Petronas deem South Sudan adopted legislation excessively restrictive.
South Sudan has enacted numerous pieces of law to better collect financial resources and grow its oil sector, which some international firms deem excessively restrictive.
Last week, Malaysia’s state-owned oil company, Petronas, reassessed its position in South Sudan, casting doubt on the country’s future. The firm said a few days after the South Sudan Oil and Electricity Conference (June 29-30) that it may not participate in the next licensing cycle due to challenging market circumstances.
This statement comes as the Ministry of Oil has urged international operators working in the country to comply with the 2018 Local Content Policy if they want to stay in business. Companies that do not comply with the rules, which require the purchase of products and services produced in South Sudan, employment, training of South Sudanese, and the transfer of technical abilities, knowledge, skills, and know-how to locals, will be shut down by the government.
It’s worth noting that the South Sudanese government also holds the business responsible for failing to honor its environmental obligations. Petronas is responsible for the country’s most severe pollution scandals. The Ministry of Oil recently threatened to withdraw oil firms’ operating licenses if they did not follow environmental regulations.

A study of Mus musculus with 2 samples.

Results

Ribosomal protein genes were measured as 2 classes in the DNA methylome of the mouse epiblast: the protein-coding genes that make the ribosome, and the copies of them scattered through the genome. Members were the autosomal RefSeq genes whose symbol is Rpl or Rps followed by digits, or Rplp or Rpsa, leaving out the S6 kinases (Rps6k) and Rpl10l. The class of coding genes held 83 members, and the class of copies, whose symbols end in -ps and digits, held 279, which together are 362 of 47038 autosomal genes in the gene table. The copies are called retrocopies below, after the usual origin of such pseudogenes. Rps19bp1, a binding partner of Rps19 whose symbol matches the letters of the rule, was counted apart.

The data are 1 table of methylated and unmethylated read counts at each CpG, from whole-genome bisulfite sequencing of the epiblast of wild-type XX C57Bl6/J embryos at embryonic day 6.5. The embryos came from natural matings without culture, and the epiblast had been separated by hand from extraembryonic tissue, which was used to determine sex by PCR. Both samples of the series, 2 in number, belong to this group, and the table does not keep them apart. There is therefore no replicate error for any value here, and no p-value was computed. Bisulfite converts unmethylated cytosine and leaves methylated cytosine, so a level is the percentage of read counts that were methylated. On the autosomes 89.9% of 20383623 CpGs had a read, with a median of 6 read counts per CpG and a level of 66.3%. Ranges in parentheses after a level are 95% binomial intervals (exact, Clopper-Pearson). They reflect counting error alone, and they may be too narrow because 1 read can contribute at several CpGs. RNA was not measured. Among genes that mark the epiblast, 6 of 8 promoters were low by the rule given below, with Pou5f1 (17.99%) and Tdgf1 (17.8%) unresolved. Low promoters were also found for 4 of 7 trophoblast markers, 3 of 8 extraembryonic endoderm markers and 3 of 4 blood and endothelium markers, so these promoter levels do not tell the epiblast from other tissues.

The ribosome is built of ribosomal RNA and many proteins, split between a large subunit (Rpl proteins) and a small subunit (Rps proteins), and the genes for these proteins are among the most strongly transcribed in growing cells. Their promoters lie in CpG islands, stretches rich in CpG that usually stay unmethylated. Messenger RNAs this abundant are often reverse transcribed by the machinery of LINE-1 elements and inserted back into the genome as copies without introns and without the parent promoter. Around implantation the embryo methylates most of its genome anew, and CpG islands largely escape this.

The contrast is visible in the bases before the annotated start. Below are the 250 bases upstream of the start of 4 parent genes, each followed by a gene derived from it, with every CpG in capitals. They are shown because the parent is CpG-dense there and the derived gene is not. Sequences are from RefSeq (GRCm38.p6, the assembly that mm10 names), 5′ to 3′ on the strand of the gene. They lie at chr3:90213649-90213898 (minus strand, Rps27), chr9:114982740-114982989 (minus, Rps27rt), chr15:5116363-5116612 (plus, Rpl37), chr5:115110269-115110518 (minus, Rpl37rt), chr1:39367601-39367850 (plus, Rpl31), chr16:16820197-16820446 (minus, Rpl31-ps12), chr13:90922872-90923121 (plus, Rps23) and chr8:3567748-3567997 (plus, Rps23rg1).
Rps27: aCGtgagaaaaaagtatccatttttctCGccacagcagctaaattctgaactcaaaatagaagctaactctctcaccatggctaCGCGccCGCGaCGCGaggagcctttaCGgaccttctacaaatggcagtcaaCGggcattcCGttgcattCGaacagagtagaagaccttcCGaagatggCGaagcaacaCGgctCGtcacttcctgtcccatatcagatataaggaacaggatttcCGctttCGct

“In light of the current market environment, Petronas is conducting a strategic assessment of its assets to ensure that its portfolio remains robust and economically viable. As a consequence, Petronas may not be able to participate in South Sudan’s first round of licencing this year,” the firm stated.
Petronas, one of the country’s biggest oil producers, uses relatively few local businesses for subcontracts, and numerous labor organizations accuse it of paying foreign staff more than local employees.